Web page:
Making the data centre industry attractive to the next generation


Attending The DCA’s Data Centre Transformation Conference was a breath of fresh air (excuse the environmental pun). Not only was it ‘in-person’ but the desire for the dataentre and IT industry to evolve was palpable amongst the delegation.DCA Cropped Logo

Industry professionals gathered with like-minded academics and local students to discuss, debate and deliberate on what change the UK data centre industry must undergo to future proof itself.

Sustainability was on everyone’s minds and this was reflected within the programme. From open discussions on the measures organisations could adopt to debating whether the government needed to step in, I am convinced it was an event that will produce change.

One area that piqued my interest was the understanding and agreement that talent had a role to play.

With 85% of delegates stating that their organisation would be the perfect environment to welcome young talent – is young talent the answer to our prayers?

The introduction of diversity of thought, from those with fresh ideas and a different outlook when it comes to sustainability, a generation starkly aware of our environmental commitment to the planet. Now if the answer is yes, with less than half of the companies present offering opportunities for those in their early careers, questions quickly turned to barriers and more importantly how to overcome them.

What is preventing young people from joining the data centre industry?

One in three cite awareness as the main barrier to young people joining our industry. So the question becomes who’s role is it to promote the industry. With calls for subject matter to feature within the national curriculum. The department of education regularly engages with industry professionals and research academics to ensure a modern and relevant programme of study is available, but how often can we expect this to happen? If we are being honest with ourselves, our industry changes so much in a 5-year period. Having said that, highlighting the impact our industry has on the modern world in a classroom setting does create instant awareness, so much so that without it students who joined us just in May, only found out due to a guest lecturer on campus. With almost every secondary school in the UK engaging with the Gatsby benchmarks in line with their OFSTED assessments, could this be the way to start the revolution when it comes to careers education. If so, we must standardise our story to deliver an on-brand message to the absorbent yet inquisitive minds of the next generation.

In defining our story and what it is we want to be known for as a workplace for the future generations, we do have to look inward and ask are we realistic in our expectations? Ranging from career progression and development right through to remuneration and compensation packages. Today’s generation are facing a cost of living crisis like no others in recent times, yet more and more companies are offsetting low starting salaries for the promise of training and career progression. May I remind you of Maslow’s basic hierarchy of needs, career progression promises do not pay this month’s rent, and even if they did, often they do not materialise.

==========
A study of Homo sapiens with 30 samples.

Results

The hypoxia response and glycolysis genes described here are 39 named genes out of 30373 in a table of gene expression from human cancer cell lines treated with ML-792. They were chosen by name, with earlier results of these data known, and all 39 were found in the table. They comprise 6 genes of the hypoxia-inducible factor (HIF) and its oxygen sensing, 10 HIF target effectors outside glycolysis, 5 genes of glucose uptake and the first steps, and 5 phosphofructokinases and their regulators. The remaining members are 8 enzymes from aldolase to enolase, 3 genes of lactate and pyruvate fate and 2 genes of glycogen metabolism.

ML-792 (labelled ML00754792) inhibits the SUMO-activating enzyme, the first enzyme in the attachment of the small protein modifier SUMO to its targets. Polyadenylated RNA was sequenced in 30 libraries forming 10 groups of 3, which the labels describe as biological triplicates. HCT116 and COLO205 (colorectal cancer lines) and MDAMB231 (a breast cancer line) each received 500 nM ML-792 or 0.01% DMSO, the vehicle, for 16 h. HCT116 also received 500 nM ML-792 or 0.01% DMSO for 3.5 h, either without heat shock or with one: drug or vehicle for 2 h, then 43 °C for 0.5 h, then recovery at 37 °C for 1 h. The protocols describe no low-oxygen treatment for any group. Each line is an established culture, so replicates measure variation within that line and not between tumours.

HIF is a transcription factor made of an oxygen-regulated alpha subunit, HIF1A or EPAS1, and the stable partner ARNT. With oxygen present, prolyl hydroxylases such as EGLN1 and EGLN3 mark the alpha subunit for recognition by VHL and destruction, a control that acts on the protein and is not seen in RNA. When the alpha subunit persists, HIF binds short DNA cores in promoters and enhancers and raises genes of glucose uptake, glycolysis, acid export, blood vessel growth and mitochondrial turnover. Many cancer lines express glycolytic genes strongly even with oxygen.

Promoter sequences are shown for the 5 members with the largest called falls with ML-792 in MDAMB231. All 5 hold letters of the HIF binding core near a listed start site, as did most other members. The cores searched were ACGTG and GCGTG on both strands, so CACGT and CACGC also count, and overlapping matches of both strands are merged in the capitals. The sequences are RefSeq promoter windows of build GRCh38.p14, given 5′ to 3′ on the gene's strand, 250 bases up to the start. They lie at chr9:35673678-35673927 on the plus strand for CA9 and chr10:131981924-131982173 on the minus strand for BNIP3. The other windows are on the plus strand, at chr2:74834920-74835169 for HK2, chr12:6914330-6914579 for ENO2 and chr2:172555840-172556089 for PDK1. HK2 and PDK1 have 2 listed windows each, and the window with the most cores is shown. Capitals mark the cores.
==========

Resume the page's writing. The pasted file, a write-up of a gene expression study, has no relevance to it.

The other factors discussed at the annual event organised by The DCA, gave weight to the role of mentoring, coaching and the prevalence of unconscious biases, of which the former gained 22% of the audience’s recognition as a barrier to entry.

We need to create a sustainable recruitment and retention strategy across our industry and in doing so we will produce an industry brand reputation that is like no other. We have a USP, the daily lives of every young person in the UK today relies on the existence of our industry. Without data centres, there is no social media, no online banking, no remote learning and no streaming services. In preparing our brand for the audience we wish to attract we must act now.

Einstein famously said that the definition of insanity was doing the same thing over and over again expecting different results. Now is the time to stop just talking about the demographic disparity our industry possesses but rather to act, otherwise things will not change. The talent is out there, leaving school or graduating from university every 12 months.

So, ladies and gentlemen this is a call to arms, for all of those who are DCA members to let them know if you offer early careers opportunities. To make things easier there is a LinkedIN group dedicated to the early careers professionals of the industry available too.

Awareness is just the beginning. To find out more about what else is to come, check out The Rising Star Programme here. 

Be part of the change.

Adelle Desouza

I'm the founder here at HireHigher, with the mission to ensure students can make informed choices on their options after education.